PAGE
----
This Policy Brief looks at how to improve equity in education in three key policy domains: the design of education systems, practices both in and out of school, and resourcing. It proposes 10 steps which would help reduce school failure and dropout rates and make society fairer. Provides a global perspective. Written by the Organization for Economic Co-operation and Development (OECD), 2008.
AboutFace seeks to advocate on behalf of those touched by facial differences. This organization is dedicated to changing attitudes and dispelling myths about facial differences in the media, school communities and the general public.
This handbook for educators is designed to increase awareness about barriers for people with disabilities in schools and other board facilities, and to review steps that can be taken to remove those barriers. By Halton District School Board, 2004.
This primer works well as a jumping off point for introducing the basic concepts underlying anti-oppression work such as racism, sexism, homophobia, ableism and more. To-the-point and useful. Written by the Ontario Secondary School Teachers Federation (OSSTF).
Anti-oppression/pro-diversity web based tool that can be used to learn about various forms of oppression, and how to engage in anti-oppressive practice. A good jumping off point. Produced by Ontario Public Interest Research Group (OPIRG), McMaster.
Autism Ontario is one of the largest collective voices representing the autism community. This website has resources, programs, scholarships and links to relevant research studies.
This book (Blind Spot) explores the hidden biases that we all carry from a lifetime of experiences with social groups – age, gender, race, ethnicity, religion, social class, sexuality, disability status, or nationality - and reviews how these may shape our likes and dislikes, and our judgments about people’s character, abilities, and potential. Written by Mahzarin Banaji and Anthony Greenwald, 2013.
This article, which appeared in the Journal of Child and Youth Care, reviews the main tenants of an anti-oppression framework. Although written primarily for child social workers, many of the issues raised are relevant to the work of educators. Written by Paul Moore, 2001.
This online document proposes that students and their families can access the best of what schools offer if educators can communicate effectively with them, understand who they are and the cultural context from which they come, and perceive and treat them with respect. It goes on to present 4 main tools for developing cultural proficiency leadership skills. Excerpted from the book, Culturally Proficient Instruction, 2005.
This webpage provides links to organizations and resources working towards diversity and inclusiveness in Canada. Useful backgrounder on social inclusion. Compiled by the Ontario Healthy Communities’ Coalition.
This document provides ideas and strategies for recognizing and including differences in the classroom and establishing a climate of equity. Written by Paul C. Gorski.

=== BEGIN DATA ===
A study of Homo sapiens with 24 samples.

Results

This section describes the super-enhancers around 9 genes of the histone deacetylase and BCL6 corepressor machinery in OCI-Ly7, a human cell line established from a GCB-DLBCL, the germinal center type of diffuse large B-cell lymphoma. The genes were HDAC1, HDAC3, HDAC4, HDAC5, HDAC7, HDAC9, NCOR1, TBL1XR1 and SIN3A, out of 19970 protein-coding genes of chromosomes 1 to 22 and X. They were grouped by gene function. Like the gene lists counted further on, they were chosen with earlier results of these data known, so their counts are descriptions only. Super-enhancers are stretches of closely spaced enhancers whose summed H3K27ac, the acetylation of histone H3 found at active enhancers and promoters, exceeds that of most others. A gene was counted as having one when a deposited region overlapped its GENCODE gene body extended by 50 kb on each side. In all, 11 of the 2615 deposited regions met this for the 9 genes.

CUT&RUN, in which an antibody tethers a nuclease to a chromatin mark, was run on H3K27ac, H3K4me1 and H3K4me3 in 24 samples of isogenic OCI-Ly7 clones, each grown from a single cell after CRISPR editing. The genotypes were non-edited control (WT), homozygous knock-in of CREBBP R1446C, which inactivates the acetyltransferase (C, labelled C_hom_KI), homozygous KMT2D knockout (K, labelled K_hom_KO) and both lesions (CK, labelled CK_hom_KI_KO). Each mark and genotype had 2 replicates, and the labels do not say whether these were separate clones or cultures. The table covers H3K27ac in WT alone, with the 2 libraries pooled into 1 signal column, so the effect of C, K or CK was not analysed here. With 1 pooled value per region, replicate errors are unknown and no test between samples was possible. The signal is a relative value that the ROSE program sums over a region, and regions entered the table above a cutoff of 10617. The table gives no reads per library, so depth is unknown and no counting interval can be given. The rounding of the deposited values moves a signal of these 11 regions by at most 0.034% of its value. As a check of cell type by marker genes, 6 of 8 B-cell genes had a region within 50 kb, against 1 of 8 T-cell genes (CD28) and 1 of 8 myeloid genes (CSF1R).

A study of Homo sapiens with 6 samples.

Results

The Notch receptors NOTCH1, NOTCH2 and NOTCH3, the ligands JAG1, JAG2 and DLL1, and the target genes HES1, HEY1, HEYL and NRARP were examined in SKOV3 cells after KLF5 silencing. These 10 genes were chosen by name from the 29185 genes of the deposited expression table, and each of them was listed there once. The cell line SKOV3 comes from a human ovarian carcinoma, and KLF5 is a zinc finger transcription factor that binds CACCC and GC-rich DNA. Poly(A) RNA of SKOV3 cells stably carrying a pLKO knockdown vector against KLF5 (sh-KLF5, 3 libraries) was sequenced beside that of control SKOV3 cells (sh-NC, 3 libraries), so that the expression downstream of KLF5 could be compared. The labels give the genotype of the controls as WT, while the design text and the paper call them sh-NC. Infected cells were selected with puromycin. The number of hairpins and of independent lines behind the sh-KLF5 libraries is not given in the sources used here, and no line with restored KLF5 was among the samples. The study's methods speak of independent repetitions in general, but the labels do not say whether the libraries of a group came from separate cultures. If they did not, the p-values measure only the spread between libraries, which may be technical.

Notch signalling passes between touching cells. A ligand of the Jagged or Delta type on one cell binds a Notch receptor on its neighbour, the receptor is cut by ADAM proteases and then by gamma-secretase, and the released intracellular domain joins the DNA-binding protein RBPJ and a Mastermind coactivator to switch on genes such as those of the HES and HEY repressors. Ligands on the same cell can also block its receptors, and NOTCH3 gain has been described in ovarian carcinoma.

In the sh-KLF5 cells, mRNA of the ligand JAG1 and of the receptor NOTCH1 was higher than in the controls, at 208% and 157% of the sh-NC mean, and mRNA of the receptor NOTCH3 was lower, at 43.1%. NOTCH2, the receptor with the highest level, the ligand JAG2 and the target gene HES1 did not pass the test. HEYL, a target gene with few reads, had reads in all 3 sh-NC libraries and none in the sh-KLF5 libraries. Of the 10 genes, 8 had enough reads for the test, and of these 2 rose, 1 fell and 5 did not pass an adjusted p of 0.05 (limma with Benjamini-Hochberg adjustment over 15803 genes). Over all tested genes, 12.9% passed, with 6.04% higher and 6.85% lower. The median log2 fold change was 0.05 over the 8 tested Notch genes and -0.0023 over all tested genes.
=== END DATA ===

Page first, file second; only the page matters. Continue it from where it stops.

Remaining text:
This booklet recognizes language as a powerful tool that is critical in shapping and reflecting our thoughts, feelings and beliefs. It considers how thoughtful language choice can be used to challenge stereotypes and change attitudes. By the Halton District School Board, 2007.
This article reviews the concept of intersectionality as an important tool for analysis and advocacy that addresses multiple forms of discrimination. Helps readers understand how different sets of identities impact on access to rights and opportunities. By the Association for Women’s Rights in Development, 2004.
This annual report measures Canada’s progress in achieving a fully inclusive society for people with intellectual disabilities. Identifies successful policies and practices and provides indicators demonstrating both accomplishments and ongoing challenges. By the Canadian Association for Community living, 2008.
This document identifies the core principals of Ontario's equity and inclusive education strategy. The full policy is available on the Ontario Ministry of Education's website.
This webiste includes more than 2,000 links to prejudice-related resources, as well as searchable databases with hundreds of prejudice researchers and social justice organizations. The Teacher's corner pulls out resources of particular relevence to educators.
This article discusses ways teachers can encourage respect for diversity and the healthy development of positive identities. The authors recommend teaching diversity by weaving equity issues into the fabric of children's everyday lives. By Janet Gonzalez-Mena and Dora Pulido-Tobiassen, 1999.
The subtitle of this article notes that it is about translating an anti-oppression approach into practice. The author eflects on the importance of social justice education and discusses methods of application for Canadian teachers. Written by Deirdre Kelly.